Uber is rolling out a series of new safety features for its ride-hailing service following the murder of a college student who got into the wrong car last month.
Launched as part of a Campus Safety Initiative alongside the University of South Carolina, Uber’s new app includes a push notification that reminds users to check their ride before getting inside, making sure the license plate, car details, driver’s photo match to the ones provided when the vehicle arrives to pick them up.
Users of Uber in the Five Points nightlife area in Columbia, South Carolina will also now be directed to a dedicated pickup zone in a well-lit area which has law enforcement on hand to ensure the safety of riders. The company says it will work with other universities across the United States to establish similar dedicated pickup zones.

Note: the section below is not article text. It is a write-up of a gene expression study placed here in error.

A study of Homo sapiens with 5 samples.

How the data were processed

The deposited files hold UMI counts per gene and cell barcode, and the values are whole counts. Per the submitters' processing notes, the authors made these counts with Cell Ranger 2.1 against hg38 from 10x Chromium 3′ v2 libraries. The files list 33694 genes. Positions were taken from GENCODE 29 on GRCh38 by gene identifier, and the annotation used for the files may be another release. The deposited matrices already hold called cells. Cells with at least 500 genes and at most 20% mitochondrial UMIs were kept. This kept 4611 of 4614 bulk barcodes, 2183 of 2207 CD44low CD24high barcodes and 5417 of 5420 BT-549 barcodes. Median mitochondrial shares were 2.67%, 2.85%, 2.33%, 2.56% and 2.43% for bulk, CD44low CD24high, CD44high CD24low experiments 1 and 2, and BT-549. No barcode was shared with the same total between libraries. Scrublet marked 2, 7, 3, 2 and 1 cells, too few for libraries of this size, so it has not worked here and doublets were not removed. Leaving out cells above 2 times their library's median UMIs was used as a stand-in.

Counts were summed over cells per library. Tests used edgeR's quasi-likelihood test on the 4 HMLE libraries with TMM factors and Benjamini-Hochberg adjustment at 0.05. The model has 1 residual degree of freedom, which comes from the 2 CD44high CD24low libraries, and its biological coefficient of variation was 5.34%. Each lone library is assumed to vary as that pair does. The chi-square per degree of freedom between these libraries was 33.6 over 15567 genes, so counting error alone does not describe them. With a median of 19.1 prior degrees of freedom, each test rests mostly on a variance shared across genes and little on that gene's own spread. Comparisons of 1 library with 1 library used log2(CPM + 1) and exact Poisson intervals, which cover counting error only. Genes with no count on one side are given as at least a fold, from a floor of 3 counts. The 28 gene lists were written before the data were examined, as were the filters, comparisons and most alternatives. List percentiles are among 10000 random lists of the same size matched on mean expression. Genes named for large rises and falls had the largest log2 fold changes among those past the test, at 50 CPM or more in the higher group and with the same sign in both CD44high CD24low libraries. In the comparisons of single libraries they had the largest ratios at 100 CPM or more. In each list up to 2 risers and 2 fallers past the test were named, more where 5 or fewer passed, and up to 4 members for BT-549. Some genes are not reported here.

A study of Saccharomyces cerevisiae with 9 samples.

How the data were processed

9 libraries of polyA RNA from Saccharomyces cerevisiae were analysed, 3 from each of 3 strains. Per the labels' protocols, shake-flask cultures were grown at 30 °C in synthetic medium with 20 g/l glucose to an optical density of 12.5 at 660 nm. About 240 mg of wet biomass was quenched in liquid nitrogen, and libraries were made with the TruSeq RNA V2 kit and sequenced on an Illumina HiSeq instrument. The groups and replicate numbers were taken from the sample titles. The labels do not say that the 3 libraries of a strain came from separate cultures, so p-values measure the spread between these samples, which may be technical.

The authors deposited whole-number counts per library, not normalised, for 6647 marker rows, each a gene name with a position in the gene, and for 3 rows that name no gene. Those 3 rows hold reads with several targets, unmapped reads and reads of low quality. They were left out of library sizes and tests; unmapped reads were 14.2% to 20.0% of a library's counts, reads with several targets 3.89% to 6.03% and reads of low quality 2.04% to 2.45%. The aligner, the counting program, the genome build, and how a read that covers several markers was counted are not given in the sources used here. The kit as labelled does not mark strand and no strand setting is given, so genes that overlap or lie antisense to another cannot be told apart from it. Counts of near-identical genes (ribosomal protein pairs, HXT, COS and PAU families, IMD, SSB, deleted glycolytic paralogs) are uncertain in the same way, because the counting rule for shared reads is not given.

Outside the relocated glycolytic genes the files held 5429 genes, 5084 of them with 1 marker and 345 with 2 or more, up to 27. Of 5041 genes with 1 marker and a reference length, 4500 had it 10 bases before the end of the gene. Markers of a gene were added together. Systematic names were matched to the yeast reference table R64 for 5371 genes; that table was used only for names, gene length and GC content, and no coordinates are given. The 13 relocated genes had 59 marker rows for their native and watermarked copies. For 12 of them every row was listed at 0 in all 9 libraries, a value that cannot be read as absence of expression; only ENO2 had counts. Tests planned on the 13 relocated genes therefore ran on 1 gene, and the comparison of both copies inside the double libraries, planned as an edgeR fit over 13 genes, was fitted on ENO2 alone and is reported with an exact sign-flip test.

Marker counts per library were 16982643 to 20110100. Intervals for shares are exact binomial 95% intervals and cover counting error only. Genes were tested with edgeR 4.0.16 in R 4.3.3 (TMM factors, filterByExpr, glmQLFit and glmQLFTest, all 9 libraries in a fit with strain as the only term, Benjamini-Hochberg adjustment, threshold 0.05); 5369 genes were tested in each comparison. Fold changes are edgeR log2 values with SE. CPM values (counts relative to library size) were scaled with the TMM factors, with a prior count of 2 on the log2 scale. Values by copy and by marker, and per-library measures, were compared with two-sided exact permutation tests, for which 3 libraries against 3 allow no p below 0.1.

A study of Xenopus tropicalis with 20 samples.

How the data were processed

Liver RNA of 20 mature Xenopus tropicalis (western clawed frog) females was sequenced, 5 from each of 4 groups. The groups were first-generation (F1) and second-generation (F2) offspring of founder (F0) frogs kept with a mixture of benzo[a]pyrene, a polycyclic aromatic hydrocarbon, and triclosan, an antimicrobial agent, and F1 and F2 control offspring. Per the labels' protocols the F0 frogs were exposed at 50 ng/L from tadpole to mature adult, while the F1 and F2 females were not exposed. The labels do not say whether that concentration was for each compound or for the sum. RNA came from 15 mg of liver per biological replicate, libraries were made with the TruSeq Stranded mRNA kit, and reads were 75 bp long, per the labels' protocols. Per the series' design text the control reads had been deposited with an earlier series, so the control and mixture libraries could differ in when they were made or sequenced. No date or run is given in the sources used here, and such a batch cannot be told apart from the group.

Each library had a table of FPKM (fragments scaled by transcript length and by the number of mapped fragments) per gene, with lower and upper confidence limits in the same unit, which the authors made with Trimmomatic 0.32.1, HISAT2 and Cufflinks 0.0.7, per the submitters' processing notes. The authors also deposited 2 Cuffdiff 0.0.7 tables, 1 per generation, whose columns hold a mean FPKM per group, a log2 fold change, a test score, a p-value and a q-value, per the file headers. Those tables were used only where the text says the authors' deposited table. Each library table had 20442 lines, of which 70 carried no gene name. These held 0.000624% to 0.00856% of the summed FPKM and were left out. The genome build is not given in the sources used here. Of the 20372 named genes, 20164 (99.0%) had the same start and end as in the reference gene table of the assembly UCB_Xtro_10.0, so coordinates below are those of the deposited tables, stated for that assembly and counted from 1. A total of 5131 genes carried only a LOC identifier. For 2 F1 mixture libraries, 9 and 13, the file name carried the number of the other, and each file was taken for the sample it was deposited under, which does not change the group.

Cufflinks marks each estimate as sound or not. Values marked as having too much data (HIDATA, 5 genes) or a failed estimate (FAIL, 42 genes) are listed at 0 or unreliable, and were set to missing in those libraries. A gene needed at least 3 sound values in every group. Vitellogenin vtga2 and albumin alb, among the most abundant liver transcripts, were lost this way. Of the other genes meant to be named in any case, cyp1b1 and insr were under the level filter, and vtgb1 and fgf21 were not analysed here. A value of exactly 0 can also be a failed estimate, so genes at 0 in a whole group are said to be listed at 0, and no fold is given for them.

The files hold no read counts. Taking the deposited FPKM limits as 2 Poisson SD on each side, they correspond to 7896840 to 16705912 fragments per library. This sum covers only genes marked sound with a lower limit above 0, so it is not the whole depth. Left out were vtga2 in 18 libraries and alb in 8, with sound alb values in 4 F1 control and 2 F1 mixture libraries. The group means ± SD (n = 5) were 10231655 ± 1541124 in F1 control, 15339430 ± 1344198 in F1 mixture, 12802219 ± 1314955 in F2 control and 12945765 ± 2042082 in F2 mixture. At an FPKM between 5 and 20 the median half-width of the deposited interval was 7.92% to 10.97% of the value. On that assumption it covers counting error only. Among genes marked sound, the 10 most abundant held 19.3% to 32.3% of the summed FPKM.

Uber is also establishing an awareness campaign to inform every rider in the U.S. of the important safety precautions they should take before getting in a ride-hailing vehicle. It will also expand its #DontStandBy intervention partnershi,p which encourages the nightlife community to look out for each other and help prevent gender-based violence before it happens.
The introduction of these new features comes three weeks after 21-year-old Samantha Josephson, a University of South Carolina college student, mistakenly hopped into the back seat of a Chevrolet Impala which she thought was her Uber. As it turned out, it wasn’t, and its driver, 24-year-old Nathaniel David Rowland, has been charged with killing Josephson and dumping her body in a field in Clarendon County approximately 65 miles southeast of Columbia.